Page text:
If one artist is responsible for “inventing” the image of the American male in the early Twentieth Century, surely it was Joseph Christian Leyendecker, born on this day in 1874.
Leyendecker was born in Montabaur, Germany and his family immigrated to Chicago when the boy was eight. In time, he got work in an engraving company, after which he enrolled in the Art Institute of Chicago. With his brother, Frank Xavier, also an artist, Leyendecker spent time in Paris, studying at the Académie Julian. Here he was exposed to—and influenced by—the Masters of late Nineteenth Century graphic arts: Henri Toulouse-Lautrec, Jules Chéret, and Czech artist Alphonse Mucha.
When the brothers returned to Chicago, Joseph was assigned his first big commission: a cover for the Saturday Evening Post. This was the first of 322 covers Leyendecker would do for them over the next 44 years.
Within a year, Joseph moved to New York with his brother and sister. He got work immediately, illustrating advertisements for the fashion industry—most notably for Arrow Shirts. Leyendecker created the “Arrow Collar Man” using a model named Charles Beach. Charles was to become Leyendecker’s favorite model—and his lover for the rest of his life. Leyendecker’s career rocketed and they bought a fancy home in New Rochelle where Charles would organize lavish parties attended by New York’s swankiest. The Arrow Collar Man became an icon of American male imagery. It is said that he got more fan mail than Rudolph Valentino!
If the Twenties were non-stop, the Thirties proved more challenging. After the stock market crash in 1929, Leyendecker’s commissions became less-frequent. Apparel businesses were hurting and the times called for a different, less-luxurious “look” in advertising. The Saturday Evening Post commissions—covers and interior illustrations—continued, though less-frequently. And, like during World War I, Leyendecker was commissioned to create recruitment posters and savings bonds advertisements during WWII.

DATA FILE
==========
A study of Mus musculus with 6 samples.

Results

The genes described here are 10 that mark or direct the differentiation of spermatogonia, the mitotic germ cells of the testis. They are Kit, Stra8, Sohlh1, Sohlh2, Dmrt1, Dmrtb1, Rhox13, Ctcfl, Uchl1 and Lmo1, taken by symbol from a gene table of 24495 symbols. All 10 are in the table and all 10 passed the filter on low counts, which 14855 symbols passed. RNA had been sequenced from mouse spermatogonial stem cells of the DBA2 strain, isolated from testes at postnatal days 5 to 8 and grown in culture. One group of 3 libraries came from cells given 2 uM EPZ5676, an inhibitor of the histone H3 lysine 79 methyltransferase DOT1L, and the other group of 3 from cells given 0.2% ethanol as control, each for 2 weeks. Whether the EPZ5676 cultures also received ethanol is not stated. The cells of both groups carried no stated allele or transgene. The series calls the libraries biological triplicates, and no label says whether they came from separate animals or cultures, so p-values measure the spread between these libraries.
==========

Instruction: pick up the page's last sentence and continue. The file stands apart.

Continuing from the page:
Leyendecker’s legacy is formidable. Besides defining the “Ideal American Man” for the first half of the 20th Century, the artist also created the notion of the New Year’s Baby, flowers for Mother’s Day and firecrackers on the Fourth of July. And it was J. C. Leyendecker who gave us the modern image of Santa Claus—a jolly, fat man dressed in fur-trimmed red.
Artist Norman Rockwell, a friend and great admirer of Leyendecker, was highly-influenced by his friend’s artistic style and it shows in Rockwell’s work. As a result, Leyendecker’s influence on illustration continued long after his death, making him, perhaps, the artist with the greatest impact on American visual culture in the Twentieth Century.
Joseph Christian Leyendecker died at home in New Rochelle—with Charles Beach at his side—on 25 July 1951. He is buried in Woodlawn Cemetery in The Bronx, New York City. Charles Beach died a few months later.